DALLAS — Rita Crocker Clements, a former Texas first lady who took an active role in Republican politics and higher education, has died more than a quarter century after her husband Bill Clements left the governor’s office.
A son-in-law, Jim Moroney, said Clements died Saturday at her Dallas home. She was 86.
Moroney, publisher of The Dallas Morning News and CEO of A.H. Belo Corp., said Sunday that his mother-in-law had been ill and died of complications due to Alzheimer’s disease. He’s married to one of her four children, Barbara.
Bill and Rita Clements wed in 1975, a second marriage for both. She became a key adviser to her husband, an oilman and the first Republican governor of Texas since Reconstruction. He served two terms — from 1979 to 1983 and from 1987 to 1991 — and died in 2011.
Services for Rita Clements were scheduled for 11 a.m. Thursday at Saint Michael and All Angels Episcopal Church in Dallas.
Rita Clements earned an undergraduate degree from the University of Texas at Austin in 1953, with a major in Spanish and minors in history and government. She later served 11 years as a University of Texas System regent. She also was known for her efforts to preserve the state’s heritage and renovate the Governor’s Mansion in Austin.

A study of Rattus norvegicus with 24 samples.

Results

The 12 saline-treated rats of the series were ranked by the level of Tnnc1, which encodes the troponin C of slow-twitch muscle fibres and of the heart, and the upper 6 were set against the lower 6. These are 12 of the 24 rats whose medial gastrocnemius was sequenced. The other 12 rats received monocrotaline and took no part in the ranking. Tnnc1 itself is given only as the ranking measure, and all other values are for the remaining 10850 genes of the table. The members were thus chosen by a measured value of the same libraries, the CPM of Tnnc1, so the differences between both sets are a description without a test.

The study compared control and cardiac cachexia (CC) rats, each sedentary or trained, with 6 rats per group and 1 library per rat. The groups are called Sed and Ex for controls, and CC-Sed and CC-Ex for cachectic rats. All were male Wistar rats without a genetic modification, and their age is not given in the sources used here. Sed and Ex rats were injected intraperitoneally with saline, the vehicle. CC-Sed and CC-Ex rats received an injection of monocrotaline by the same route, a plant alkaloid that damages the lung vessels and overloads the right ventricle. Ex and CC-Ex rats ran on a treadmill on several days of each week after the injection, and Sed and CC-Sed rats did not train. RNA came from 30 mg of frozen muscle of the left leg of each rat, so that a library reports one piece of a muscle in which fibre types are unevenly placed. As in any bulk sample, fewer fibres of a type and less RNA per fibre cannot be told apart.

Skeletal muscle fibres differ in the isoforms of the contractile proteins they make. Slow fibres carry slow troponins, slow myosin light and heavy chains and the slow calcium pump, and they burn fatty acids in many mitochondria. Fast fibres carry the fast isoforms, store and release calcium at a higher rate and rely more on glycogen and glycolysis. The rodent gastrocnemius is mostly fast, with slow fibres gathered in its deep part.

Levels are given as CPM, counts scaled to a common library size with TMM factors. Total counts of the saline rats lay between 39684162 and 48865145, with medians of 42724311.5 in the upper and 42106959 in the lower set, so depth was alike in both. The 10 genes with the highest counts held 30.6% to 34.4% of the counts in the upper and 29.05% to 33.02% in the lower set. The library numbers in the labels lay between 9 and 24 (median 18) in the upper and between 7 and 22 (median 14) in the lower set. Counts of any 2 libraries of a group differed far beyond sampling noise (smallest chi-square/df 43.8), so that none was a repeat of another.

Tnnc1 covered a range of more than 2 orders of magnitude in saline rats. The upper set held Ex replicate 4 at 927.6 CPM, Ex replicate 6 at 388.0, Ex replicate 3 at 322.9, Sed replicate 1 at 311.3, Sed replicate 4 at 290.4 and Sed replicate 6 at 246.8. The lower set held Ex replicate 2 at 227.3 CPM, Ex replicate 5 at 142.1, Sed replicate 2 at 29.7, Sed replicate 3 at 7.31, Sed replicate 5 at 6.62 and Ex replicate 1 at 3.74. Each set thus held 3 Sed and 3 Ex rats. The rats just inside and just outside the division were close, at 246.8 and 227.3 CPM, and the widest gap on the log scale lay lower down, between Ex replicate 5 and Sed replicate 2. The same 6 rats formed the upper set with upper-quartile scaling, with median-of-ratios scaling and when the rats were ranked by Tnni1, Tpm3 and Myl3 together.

“Rita was a true stateswoman who served Texas both on the UT System Board of Regents and as a great steward of the Governor’s Mansion during her time as first lady,” Gov. Greg Abbott said in a statement offering condolences. “Texas has suffered a tremendous loss, but Rita leaves behind an incredible legacy.”
Rita Clements was a committed Republican long before the party took control of government in Texas, serving as state co-chair for former U.S. Sen. Barry Goldwater’s 1964 presidential campaign and a member of the Republican National Committee in 1973.
“We are saddened to learn that our friend, Rita Clements, has died,” said George W. Bush, who served as Texas governor before becoming the nation’s 43rd president. “When we think of Rita, we think of a strong Texas woman and a pioneer in the Republican Party. She was a wonderful first lady for the Lone Star State.”